Ian Lance Taylor
ian at airs.com
Wed Apr 11 16:56:07 UTC 2001
"Ryan S. Dancey" <ryand at organizedplay.com> writes:
> To me, this is the credo of the OSD. If we are to support the OSD, then the
> OSD should capture what the great majority of the software community means
> by the term "Open Source", and I suggest that for the great majority of the
> software community (in addition to many other things) "Open Source" means
> "binary-only distributions are unacceptable."
Yes. But I don't think that most people think that ``open source''
means ``binary-only redistributions are unacceptable.'' Of course,
such a redistribution would not be open source. But the original
distribution would be open source, and would remain open source even
if a binary-only redistribution occurred.
> Here is what I see. I see a requirement in the OSD that source code >MUST<
> be provided with binaries. Then I see a specific exception provided that
> requires the distributor of the code, if a binary-only distribution is made,
> to make the source available in a "well publicized manner".
Yes, this all applies to an open source distribution.
> If the OSI wants to keep to this concept that licenses which allow
> binary-only distributions meet the OSD, then I think the OSD should be
Licenses which allow binary-only distribution do not meet the OSD.
Licenses which allow binary-only redistribution do meet the OSD. Note
that a redistribution does not affect the original distribution.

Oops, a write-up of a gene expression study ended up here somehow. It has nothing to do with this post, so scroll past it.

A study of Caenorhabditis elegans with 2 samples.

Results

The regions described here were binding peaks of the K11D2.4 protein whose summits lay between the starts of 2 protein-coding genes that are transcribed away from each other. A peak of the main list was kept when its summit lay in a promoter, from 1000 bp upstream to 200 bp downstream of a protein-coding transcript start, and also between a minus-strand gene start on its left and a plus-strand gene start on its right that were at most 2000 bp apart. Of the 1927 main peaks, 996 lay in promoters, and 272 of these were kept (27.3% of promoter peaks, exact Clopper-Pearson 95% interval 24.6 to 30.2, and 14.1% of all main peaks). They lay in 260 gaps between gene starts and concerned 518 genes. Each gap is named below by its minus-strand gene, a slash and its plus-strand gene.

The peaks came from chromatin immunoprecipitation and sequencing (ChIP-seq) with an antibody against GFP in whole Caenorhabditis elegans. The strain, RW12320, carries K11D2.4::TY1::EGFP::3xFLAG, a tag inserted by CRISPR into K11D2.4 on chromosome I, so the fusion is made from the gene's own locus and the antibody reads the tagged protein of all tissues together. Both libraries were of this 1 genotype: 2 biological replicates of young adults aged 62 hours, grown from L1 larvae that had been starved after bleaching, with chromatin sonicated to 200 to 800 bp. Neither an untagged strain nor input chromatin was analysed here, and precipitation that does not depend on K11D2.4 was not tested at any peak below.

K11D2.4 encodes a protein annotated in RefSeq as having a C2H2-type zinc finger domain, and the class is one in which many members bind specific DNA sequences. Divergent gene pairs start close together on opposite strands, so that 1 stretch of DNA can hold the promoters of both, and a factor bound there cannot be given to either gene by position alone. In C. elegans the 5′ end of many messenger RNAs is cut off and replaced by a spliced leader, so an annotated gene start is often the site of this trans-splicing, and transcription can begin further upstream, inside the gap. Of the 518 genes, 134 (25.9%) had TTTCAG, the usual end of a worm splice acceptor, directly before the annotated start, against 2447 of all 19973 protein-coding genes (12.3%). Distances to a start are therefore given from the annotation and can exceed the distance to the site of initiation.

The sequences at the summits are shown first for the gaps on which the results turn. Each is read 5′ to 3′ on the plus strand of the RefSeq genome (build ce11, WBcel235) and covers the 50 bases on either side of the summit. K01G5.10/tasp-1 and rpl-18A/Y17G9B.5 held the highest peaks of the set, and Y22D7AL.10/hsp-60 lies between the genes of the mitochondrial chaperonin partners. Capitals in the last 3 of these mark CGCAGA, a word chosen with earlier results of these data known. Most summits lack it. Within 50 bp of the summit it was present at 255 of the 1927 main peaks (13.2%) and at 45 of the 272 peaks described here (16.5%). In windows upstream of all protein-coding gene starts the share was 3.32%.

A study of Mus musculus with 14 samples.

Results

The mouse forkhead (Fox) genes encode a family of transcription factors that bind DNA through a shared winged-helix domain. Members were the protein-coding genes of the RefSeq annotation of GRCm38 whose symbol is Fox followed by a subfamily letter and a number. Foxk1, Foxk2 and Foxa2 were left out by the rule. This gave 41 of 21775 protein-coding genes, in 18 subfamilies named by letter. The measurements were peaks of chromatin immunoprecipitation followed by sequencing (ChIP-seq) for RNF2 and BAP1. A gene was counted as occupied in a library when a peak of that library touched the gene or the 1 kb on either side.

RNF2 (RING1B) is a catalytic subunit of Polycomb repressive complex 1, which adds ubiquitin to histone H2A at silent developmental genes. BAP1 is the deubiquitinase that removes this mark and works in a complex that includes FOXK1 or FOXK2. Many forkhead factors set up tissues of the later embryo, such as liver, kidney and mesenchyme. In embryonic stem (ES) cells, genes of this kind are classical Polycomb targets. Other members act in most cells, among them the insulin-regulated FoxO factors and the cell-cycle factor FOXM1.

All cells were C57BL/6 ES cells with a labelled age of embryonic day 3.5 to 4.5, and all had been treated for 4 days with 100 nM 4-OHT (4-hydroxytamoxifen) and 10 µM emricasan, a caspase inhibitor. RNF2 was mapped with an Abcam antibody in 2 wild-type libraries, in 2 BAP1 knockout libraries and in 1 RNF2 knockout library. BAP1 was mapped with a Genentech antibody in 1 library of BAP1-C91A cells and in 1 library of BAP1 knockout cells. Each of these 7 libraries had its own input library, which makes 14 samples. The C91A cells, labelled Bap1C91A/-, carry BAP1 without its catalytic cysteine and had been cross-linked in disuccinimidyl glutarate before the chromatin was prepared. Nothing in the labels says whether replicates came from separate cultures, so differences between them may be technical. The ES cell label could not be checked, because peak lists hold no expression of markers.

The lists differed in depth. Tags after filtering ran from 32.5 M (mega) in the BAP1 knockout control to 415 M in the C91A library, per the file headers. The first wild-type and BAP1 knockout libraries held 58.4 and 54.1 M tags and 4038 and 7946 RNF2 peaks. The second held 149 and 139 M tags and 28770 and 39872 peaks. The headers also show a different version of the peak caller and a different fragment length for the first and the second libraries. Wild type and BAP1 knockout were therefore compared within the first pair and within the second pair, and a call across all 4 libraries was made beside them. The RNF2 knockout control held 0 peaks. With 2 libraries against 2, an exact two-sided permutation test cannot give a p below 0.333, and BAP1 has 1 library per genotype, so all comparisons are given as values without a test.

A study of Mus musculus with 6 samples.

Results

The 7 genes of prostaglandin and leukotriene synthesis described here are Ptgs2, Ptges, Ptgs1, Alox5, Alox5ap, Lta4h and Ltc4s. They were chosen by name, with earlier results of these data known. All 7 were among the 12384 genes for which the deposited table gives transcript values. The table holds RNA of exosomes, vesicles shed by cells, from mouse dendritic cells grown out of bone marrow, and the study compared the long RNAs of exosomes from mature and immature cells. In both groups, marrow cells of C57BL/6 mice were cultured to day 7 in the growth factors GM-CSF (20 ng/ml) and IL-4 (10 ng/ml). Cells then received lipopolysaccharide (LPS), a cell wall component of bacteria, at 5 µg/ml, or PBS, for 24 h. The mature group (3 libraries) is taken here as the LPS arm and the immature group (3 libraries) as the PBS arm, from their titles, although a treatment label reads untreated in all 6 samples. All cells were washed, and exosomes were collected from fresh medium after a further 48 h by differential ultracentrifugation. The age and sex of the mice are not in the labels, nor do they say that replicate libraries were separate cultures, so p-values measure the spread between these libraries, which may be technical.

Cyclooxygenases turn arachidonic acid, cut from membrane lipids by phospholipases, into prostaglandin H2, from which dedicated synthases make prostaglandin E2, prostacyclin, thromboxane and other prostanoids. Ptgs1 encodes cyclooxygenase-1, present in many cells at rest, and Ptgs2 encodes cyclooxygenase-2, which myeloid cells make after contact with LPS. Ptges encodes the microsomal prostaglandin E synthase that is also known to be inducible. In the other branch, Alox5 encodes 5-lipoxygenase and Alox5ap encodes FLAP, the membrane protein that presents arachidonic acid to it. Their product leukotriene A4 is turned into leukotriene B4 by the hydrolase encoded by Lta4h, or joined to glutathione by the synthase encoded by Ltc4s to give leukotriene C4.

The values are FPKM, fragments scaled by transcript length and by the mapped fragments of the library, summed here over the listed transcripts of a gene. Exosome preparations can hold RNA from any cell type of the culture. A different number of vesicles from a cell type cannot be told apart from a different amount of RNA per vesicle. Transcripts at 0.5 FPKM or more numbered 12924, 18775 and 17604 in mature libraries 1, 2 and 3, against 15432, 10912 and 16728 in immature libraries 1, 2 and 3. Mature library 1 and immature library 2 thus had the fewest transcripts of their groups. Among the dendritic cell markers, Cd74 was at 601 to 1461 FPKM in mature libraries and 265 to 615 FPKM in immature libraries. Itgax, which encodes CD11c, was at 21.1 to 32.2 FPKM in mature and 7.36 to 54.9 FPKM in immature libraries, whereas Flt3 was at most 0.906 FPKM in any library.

(You then have several paragraphs which argue based on what I believe
is a false premise.)
> "Accordingly, an open-source license >MUST< guarantee that the source is
> readily available..."
> Care to explain what part of the BSD license guarantees that the source will
> be readily available?
It doesn't. The BSD license sort of goes along with an actual source
distribution. I suppose the BSD license could say something like
``this license must be accompanied by complete source code.'' The BSD
license tends to be used on a file-by-file basis, so that statement is
arguably not required.
In any case, the sentence you quote from the OSD rationale should not
be construed as saying that the source for a modified version
redistributed as binaries must be readily available. I agree that
that is a possible reading. But I don't think it is the right
reading. OSD #4 says that the license must permit distribution of
source code. It doesn't say that the license must prohibit
distribution of binaries without source code.
> > As such, the OSD was written to define what was and was not open
> > source software. I'm not comfortable describing the OSD as an
> > ethical position.
> I have tremendous respect for you sir, and have found your postings on this
> list to be uniformly excellent in logic and content.
> However, I cannot read the italicized comments between the sections of the
> OSD, which contain phrases like "users have a right to know who is
> responsible for the software they use", and "Distributors of open-source
> software have the right to make their own choices about their own software."
> without drawing the conclusion that the OSD codifies a set of ethical
> principles. Discussions of rights are inextricably linked to discussions of
> I must therefore disagree with your interpretation of the content of the
> OSD. It is as much an ethical framework as the Declaration of Independence
> is. And like the Declaration which heavily influenced the contents of the
> Constitution which resulted from it, the OSD has to acknowledge that the
> ethical framework it espouses will be encapsulated in the licenses it
You're right. I guess that OSI is straddling a somewhat anomalous
position: building a pragmatic case based on an ethical stand. I
guess that's kind of what RMS says, too: that the OSI, by talking up
the practical benefits, neglects the ethics.